LOS ANGELES — A gunman armed with a semi-automatic rifle opened fire at the Los Angeles International Airport, killing a Transportation Security Administration employee and wounding two other people.
Tim Kauffman, a spokesman for the American Federation of Government Employees in Washington, confirmed Friday that a TSA officer was killed.
He says the union's information comes from their local officials in Los Angeles.
The attack frightened passengers and disrupted flights nationwide.
Police said the unidentified suspect, who was apparently injured following an exchange of gunfire with officers, was in custody.
Thousands of fliers across the U.S. were delayed Friday after a shooting at Los Angeles International Airport closed parts of the airport. A prolonged shutdown at the nation's third largest airport will be particularly troublesome for those hoping to head to the East Coast or across the Pacific Ocean.
Flights bound for Los Angeles that had not yet taken off were held at their gates by the Federal Aviation Administration. Others in the air — including three JetBlue flights from the East Coast — diverted to other airports.
Travelers trying to fly out were unable to reach the airport because of large road closures. The shooting occured around 9:30 a.m. local time.
Los Angles is a major gateway for flights to Asia, Australia and New Zealand. Domestically, the largest cities served are: San Francisco, Las Vegas, New York, San Jose, Calif., San Diego and Phoenix.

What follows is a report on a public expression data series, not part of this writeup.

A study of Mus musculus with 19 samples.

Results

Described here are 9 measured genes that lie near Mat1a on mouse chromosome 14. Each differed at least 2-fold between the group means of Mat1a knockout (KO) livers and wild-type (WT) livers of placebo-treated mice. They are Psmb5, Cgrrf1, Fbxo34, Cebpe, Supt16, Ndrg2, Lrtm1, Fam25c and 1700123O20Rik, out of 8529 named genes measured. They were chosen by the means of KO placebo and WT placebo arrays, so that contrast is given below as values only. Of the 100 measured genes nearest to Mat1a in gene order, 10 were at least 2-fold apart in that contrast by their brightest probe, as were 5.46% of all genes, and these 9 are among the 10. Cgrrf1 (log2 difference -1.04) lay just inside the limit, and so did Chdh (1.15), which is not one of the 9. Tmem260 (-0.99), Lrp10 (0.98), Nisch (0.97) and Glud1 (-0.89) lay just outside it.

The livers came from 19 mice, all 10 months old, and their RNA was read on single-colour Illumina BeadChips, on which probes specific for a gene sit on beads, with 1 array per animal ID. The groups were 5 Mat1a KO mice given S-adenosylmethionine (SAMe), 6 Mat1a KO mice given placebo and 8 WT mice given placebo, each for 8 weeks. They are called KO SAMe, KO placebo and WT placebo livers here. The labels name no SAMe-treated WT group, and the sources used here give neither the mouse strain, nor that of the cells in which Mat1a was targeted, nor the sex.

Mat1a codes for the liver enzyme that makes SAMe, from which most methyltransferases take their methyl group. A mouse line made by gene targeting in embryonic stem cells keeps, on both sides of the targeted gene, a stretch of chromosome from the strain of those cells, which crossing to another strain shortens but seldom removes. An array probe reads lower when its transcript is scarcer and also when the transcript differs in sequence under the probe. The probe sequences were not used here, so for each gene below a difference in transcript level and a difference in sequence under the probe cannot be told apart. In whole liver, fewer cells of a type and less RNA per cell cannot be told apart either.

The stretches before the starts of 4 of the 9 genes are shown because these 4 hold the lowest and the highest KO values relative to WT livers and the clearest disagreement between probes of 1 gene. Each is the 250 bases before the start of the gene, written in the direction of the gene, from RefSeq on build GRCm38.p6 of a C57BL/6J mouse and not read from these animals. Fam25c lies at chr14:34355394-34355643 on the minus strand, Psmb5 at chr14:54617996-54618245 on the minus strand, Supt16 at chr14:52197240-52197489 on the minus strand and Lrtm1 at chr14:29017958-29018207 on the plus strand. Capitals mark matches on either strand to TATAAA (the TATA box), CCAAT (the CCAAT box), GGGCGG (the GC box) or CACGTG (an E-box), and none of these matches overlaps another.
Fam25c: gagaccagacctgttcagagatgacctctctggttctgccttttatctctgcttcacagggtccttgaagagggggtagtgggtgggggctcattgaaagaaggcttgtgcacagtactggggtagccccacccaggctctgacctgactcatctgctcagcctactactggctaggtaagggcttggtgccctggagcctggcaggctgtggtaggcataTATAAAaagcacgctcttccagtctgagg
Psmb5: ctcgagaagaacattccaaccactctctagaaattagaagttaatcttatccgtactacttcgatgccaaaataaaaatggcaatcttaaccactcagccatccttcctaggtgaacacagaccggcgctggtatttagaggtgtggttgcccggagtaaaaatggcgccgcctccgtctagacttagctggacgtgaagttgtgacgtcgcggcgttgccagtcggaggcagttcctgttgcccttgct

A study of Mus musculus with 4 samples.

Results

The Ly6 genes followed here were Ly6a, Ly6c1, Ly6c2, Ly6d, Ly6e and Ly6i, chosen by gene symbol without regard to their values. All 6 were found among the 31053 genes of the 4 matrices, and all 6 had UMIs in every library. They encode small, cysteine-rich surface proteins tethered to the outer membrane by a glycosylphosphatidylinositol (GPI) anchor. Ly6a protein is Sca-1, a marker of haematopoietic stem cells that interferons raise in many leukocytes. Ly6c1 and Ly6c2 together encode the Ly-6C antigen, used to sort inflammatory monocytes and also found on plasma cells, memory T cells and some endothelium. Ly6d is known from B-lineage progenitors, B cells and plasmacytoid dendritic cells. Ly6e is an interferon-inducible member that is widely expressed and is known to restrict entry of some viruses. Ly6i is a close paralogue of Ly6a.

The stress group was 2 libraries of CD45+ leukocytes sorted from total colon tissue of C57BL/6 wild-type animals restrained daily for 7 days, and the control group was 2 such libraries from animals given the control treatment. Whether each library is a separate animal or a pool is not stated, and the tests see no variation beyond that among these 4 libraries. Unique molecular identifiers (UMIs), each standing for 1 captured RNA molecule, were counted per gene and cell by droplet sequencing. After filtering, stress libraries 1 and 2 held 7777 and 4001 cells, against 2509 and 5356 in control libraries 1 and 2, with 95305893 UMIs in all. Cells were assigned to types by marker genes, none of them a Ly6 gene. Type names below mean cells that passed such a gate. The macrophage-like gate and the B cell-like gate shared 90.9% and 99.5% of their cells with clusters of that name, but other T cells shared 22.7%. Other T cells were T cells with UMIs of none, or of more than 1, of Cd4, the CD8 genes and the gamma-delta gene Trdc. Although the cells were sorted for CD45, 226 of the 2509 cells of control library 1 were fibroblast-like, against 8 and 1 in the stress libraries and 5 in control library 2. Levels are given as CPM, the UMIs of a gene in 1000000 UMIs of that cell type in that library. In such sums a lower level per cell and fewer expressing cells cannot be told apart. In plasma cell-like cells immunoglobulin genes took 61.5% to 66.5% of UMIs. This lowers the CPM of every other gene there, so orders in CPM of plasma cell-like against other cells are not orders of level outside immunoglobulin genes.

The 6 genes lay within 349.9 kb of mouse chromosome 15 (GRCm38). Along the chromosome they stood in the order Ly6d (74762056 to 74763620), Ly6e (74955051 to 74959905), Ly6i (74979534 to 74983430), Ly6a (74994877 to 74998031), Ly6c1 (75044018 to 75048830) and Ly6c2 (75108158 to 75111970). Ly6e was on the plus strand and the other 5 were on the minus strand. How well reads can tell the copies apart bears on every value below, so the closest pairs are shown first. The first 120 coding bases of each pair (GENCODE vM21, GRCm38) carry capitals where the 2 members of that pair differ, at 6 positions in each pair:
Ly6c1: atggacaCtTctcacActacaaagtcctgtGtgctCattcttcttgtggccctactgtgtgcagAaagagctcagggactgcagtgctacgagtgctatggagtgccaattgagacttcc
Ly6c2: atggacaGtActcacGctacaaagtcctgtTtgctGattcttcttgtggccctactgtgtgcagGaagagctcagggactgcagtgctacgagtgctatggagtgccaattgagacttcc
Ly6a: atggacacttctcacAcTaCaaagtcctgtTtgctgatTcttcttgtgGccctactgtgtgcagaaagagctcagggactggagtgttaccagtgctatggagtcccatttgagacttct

Flight tracking site FlightAware.com said that as of 11 a.m. Pacific there were 12 flight cancelations and 132 flight delays to or from Los Angeles. To put that in perspective, there were 246 other flight cancelations Friday nationwide, mostly in New York and Philadelphia because of rain and heavy winds.
United Airlines, which operates out of terminals on the other side of the airport from the shooting, has issued a waiver for people traveling through Los Angeles, allowing them to change flights without paying a fee. Other airlines are expected to issue similar waivers.
"This situation is continuing to develop, and at this time we do not know the full extent of the impact to our operations," United spokeswoman Jennifer Dohm said via email.
JetBlue diverted flights from Boston, New York and Fort Lauderdale, Fla. to nearby Long Beach airport. Southwest diverted at least one flight — a trip from Chicago that landed in Denver.